Challenger’s First TV Ad Claims Sen. Alexander “Snuck In” Billions In Shutdown Deal

This is State Rep. Joe Carr's first television ad, in his primary challenge of Senator Lamar Alexander. Tea Party groups and conservative activists are dissatisfied with Alexander, saying he's not conservative enough. Image: Joe Carr Campaign

This is State Rep. Joe Carr’s first television ad, in his primary challenge of Senator Lamar Alexander. Tea Party groups and conservative activists are dissatisfied with Alexander, saying he’s not conservative enough. Image: Joe Carr Campaign

A challenger to Lamar Alexander is using a new TV commercial to criticize his vote to end the partial government shutdown. The ad from State Rep. Joe Carr says the Senator snuck in funding for a costly project.

The 30 second spot features Carr standing in front of a dam, telling viewers that conservatives “fought the good fight” trying to defund Obamacare.

Carr is referring to $2.9 billion in funding for a lock and dam project on the Ohio River in Kentucky. Alexander says he included the money in the shutdown deal because millions in government contracts were at risk of being cancelled. Tennessee’s senior Senator sits on the committee that approves funding for water projects.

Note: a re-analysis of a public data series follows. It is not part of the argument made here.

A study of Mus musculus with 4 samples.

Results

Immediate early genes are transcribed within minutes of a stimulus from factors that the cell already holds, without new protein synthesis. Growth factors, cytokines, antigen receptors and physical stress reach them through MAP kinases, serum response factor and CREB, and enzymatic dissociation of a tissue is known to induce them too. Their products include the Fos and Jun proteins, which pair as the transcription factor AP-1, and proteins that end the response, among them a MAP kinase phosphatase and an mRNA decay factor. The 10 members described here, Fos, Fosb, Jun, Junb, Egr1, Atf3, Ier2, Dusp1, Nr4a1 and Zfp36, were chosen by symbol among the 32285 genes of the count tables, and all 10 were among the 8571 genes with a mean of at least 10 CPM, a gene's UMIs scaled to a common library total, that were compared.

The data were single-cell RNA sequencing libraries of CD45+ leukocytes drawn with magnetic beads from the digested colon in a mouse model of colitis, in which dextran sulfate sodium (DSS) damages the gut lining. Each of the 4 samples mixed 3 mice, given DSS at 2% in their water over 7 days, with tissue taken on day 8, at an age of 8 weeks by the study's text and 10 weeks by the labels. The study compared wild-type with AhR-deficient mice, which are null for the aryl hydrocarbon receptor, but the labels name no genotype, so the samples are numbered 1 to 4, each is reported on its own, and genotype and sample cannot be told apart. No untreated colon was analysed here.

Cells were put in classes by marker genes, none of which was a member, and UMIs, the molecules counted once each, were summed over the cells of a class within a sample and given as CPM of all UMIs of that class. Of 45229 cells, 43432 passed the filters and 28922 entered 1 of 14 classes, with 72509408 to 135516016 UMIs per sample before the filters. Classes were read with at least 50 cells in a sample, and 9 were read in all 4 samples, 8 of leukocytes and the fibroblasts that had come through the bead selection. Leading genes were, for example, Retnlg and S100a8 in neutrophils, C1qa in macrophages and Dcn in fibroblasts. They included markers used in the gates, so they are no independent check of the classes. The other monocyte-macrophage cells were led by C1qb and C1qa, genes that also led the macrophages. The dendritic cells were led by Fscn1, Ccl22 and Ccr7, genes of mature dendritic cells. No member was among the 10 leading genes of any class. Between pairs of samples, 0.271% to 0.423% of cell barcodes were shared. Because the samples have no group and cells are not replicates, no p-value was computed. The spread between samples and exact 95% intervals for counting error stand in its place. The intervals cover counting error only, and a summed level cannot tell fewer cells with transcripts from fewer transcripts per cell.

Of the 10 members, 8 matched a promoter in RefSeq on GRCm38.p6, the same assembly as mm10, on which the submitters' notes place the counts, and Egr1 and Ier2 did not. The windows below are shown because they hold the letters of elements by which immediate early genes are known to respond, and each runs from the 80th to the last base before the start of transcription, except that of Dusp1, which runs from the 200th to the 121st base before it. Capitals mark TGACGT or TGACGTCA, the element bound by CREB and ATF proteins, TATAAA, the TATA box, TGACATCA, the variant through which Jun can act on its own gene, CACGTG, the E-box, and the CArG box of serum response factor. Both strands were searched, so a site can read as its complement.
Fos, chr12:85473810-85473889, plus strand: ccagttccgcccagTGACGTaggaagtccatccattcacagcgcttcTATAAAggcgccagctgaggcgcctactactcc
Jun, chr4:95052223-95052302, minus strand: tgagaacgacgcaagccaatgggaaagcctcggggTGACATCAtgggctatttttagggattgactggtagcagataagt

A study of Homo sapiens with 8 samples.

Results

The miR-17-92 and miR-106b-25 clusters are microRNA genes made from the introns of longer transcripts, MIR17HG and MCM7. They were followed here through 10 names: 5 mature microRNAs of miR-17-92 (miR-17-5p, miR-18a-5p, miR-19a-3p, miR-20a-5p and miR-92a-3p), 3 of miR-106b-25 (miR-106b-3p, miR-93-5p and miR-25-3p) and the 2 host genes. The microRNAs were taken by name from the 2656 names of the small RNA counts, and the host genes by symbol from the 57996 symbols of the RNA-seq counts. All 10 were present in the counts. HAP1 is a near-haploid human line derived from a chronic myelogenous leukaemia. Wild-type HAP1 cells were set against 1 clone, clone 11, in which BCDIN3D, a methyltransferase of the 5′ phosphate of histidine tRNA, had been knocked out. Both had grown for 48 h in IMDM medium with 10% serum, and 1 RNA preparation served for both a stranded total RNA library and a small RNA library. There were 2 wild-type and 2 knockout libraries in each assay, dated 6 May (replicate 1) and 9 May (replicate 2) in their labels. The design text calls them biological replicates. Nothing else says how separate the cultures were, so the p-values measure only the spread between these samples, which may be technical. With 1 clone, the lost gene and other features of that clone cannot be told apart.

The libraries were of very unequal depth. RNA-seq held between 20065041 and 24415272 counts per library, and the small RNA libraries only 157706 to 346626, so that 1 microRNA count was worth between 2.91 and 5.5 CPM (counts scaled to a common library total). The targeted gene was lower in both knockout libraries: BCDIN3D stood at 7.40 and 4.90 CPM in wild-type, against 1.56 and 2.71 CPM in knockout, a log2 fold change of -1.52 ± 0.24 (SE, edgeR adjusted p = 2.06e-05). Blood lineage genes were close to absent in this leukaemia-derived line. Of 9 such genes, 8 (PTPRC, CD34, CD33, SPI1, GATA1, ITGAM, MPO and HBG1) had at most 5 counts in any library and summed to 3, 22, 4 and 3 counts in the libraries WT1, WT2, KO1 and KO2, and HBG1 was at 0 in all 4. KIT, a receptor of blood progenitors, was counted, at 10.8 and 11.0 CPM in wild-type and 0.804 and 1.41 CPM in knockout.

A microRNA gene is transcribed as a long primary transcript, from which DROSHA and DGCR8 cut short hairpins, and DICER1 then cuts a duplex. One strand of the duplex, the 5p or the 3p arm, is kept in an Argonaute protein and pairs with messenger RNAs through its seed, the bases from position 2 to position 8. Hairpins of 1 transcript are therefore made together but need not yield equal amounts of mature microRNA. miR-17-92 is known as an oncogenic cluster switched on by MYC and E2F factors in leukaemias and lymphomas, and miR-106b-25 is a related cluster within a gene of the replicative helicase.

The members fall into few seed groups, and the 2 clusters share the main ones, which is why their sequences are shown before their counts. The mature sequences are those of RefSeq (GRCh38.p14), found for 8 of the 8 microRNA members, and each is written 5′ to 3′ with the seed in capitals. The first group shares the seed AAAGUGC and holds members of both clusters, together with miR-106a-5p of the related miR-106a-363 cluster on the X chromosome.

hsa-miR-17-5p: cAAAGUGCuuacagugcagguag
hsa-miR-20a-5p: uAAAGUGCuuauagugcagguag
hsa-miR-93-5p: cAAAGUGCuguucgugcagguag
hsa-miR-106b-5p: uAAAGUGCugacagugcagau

Carr’s campaign says its spending $20,000 to run the ad on Fox News Channel statewide and online. Its release comes after Carr announced last week that he raised just $56,000 in the third quarter.  But Alexander raised 12 times as much.

UPDATE (10/22/12): Alexander campaign manager Alice Rioli provided this statement in response to Carr’s ad:

“If Pinocchio had written this campaign ad, his nose would be a foot long. According to the Army Corp of Engineers, instead of costing money, this provision actually saved taxpayers $160 million in canceled contracts and restart costs. It had already been approved once by the House and Senate this year and only allowed spending already appropriated. One-fifth of all traffic on the American Inland Waterway system goes through this lock and dam. It was built in the 1920s and the Corps says it is ‘failing,’ crumbling and obsolete. Every time a ship goes through the lock, workers must remove and replace 487 wooden gates.”